It seems like you can’t watch television for more than half an hour during the day without seeing at least one ad for reverse mortgage loans. Many older people who’ve lived in their homes for many years choose to get a reverse mortgage because it can provide them with a nice sum of money based on the equity in their home. The most common type is a Home Equity Conversion Mortgage (HECM).
As you consider whether a reverse mortgage is right for you, it’s crucial to consider how it will affect your estate plan and your heirs. Let’s look at how a HECM is handled when the last borrower or the eligible non-borrowing spouse passes away.
What are your heirs’ options for your home after you die?
Say you’re a widow with a reverse mortgage in your name. After you pass away, the balance of the loan becomes due. That means your heirs will be responsible for repaying the balance or 95% of the home’s appraised value – whichever amount is lower. If you owed more on the home than it’s currently worth, then your heirs wouldn’t be required to make up the difference.
Heirs often choose to sell the home to pay off the loan. However, selling a home with a reverse mortgage on it isn’t always easy. That’s why people with reverse mortgages often get a life insurance policy to provide their heirs with the funds they need to pay off the mortgage and then either keep or sell the home.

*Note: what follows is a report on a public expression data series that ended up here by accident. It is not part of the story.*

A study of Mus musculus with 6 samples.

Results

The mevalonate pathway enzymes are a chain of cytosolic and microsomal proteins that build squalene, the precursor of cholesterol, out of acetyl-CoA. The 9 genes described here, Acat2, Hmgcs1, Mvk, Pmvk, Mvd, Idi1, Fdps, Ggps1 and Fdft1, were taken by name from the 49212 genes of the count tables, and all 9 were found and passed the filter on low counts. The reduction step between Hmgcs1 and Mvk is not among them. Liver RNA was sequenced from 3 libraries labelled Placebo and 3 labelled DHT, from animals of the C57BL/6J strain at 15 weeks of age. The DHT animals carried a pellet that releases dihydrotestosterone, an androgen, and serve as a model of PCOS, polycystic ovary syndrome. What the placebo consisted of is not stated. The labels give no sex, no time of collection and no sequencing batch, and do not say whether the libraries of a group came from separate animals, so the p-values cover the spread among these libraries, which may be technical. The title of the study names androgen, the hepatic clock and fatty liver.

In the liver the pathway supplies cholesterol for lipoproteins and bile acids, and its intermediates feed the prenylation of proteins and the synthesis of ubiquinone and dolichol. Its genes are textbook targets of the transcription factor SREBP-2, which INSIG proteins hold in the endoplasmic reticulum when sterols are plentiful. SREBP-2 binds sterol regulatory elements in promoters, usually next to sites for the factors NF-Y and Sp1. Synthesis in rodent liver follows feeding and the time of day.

Heirs have a limited amount of time to decide what to do with the home and to ask for an extension if they need one. The loan servicer typically finds out about the borrower’s death, whether the heirs notify them or not. They’ll typically send a “Due and Payable” letter notifying them of their deadline for taking action.
If you’re thinking about getting a reverse mortgage, then it’s wise to consider what your heirs (or executor) will need to do with the mortgage after you’re gone. This includes weighing how getting a reverse mortgage will affect how many assets you can leave to heirs and other beneficiaries. You’ll be able to better hone in on the right decision for you by examining the pros and cons of a reverse mortgage.